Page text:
Quinn, the former lieutenant governor who last week succeeded scandal-plagued Rod Blagojevich, said he supports capital punishment but not necessarily the way it has been applied.
No one has been put to death in Illinois since 2000 when Gov. George Ryan put all executions on hold, citing more than a dozen cases in which people were improperly sentenced to death. Three years later, the Republican took the extraordinary step of emptying Illinois' death row by commuting the sentences of all 167 inmates to life in prison.
Blagojevich continued the ban despite approving several reforms, and state lawmakers have ignored legislative attempts to decide the issue.
As of Friday, there were 15 people on the state's death row, state corrections officials said.
The Democratic Quinn will let the ban linger as he tends to more immediate concerns, including a state budget deficit that could be as high as $9 billion. He hopes to winnow that margin with federal funds under President Obama's economic recovery plan and through strategic cuts of "some of the frivolous things" in state spending.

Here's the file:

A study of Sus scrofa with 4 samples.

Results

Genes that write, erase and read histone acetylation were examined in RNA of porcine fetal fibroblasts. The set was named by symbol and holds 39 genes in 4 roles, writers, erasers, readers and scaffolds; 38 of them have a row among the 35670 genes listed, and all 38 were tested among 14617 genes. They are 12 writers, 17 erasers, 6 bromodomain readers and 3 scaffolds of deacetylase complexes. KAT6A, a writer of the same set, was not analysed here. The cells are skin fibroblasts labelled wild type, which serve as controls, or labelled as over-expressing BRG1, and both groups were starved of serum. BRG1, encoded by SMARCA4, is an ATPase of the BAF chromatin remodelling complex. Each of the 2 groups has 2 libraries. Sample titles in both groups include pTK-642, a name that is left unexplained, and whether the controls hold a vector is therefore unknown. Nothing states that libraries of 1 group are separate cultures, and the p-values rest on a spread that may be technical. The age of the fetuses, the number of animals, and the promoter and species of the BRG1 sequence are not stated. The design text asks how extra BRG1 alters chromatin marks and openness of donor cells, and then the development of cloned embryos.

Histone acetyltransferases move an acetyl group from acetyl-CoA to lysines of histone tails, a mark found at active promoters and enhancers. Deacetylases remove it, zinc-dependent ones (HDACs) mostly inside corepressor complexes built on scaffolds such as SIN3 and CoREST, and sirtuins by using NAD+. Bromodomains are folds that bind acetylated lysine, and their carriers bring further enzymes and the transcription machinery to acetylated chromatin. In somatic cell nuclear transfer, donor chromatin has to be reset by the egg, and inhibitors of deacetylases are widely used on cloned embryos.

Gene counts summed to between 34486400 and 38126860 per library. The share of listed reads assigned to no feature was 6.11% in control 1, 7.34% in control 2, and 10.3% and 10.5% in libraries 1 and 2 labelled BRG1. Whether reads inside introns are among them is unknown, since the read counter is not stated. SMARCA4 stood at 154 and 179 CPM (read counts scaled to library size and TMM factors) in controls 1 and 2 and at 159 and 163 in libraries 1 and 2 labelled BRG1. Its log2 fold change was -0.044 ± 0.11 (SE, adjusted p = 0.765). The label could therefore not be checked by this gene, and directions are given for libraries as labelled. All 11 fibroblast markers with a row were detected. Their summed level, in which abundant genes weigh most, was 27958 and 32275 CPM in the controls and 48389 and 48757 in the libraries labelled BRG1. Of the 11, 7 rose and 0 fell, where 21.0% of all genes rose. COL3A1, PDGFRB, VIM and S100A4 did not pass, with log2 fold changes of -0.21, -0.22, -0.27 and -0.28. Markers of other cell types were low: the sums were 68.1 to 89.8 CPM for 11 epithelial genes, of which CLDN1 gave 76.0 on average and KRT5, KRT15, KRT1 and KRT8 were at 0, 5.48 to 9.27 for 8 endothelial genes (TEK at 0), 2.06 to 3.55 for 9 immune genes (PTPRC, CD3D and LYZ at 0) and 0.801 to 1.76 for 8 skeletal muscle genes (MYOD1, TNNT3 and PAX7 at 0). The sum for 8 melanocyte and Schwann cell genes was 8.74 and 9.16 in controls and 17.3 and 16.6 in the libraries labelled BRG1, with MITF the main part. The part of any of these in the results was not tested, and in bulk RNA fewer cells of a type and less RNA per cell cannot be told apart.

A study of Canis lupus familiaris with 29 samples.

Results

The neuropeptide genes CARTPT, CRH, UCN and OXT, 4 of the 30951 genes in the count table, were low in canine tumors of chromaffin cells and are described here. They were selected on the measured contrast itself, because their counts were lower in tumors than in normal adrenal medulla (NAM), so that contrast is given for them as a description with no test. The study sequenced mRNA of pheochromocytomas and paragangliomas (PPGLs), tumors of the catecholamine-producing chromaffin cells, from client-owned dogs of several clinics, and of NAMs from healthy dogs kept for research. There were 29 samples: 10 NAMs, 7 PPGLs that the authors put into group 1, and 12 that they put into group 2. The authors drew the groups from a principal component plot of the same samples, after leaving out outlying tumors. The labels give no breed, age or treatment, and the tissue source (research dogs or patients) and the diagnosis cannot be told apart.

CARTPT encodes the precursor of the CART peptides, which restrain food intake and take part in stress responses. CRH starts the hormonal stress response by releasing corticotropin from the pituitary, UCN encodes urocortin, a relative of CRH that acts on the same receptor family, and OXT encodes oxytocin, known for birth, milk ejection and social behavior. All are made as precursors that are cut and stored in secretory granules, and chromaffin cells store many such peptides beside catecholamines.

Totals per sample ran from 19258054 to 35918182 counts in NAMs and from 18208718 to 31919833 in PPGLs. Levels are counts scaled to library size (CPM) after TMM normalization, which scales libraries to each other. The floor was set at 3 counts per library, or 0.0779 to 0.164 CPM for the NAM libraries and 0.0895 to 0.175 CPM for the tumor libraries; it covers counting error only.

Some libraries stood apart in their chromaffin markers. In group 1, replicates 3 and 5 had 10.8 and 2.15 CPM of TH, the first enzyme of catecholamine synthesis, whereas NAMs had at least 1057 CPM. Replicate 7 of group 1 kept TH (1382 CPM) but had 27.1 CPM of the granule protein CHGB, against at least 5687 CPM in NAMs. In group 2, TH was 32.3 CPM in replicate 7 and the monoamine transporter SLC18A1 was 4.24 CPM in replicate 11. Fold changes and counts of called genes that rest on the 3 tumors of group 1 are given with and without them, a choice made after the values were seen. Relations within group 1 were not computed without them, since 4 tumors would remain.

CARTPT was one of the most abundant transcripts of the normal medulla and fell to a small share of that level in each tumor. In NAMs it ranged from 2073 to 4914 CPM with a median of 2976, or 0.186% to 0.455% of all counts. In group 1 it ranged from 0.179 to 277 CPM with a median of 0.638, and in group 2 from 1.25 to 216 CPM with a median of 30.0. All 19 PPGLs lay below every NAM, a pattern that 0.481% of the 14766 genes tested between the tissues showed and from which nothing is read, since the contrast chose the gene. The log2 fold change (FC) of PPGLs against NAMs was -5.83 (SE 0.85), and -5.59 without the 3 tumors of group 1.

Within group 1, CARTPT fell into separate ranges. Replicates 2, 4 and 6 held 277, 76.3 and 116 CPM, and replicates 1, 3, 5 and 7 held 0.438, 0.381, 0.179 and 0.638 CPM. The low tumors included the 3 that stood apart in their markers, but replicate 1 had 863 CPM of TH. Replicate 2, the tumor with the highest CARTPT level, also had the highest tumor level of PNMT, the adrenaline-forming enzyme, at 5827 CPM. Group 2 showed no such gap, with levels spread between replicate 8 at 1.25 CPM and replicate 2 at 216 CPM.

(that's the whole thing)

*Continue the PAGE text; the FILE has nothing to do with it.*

He didn't elaborate on the cuts, suggesting only that "core priorities" including public safety, education and health care were more likely to be spared. "I think the first thing we have to do is tighten the belt wherever we can; that's what every family would do," he said.
As for the death penalty, Quinn notes that "in Illinois there has been a history of shortcomings in that area -- where the application of it was not done properly."
"I would not lift the moratorium at this time until we make sure in Illinois that the application of the death penalty is done in a way that has no mistakes, zero tolerance for mistakes," he said Friday after an appearance at a high school in Collinsville to tout portable defibrillators meant to assist heart attack victims.
Wrongfully executing someone, he said, would be haunting.
"If somebody's innocent and they're on death row, we want to make sure everything is done to make sure they're not put to death improperly. That would never be right, and I think that would be on all our consciences."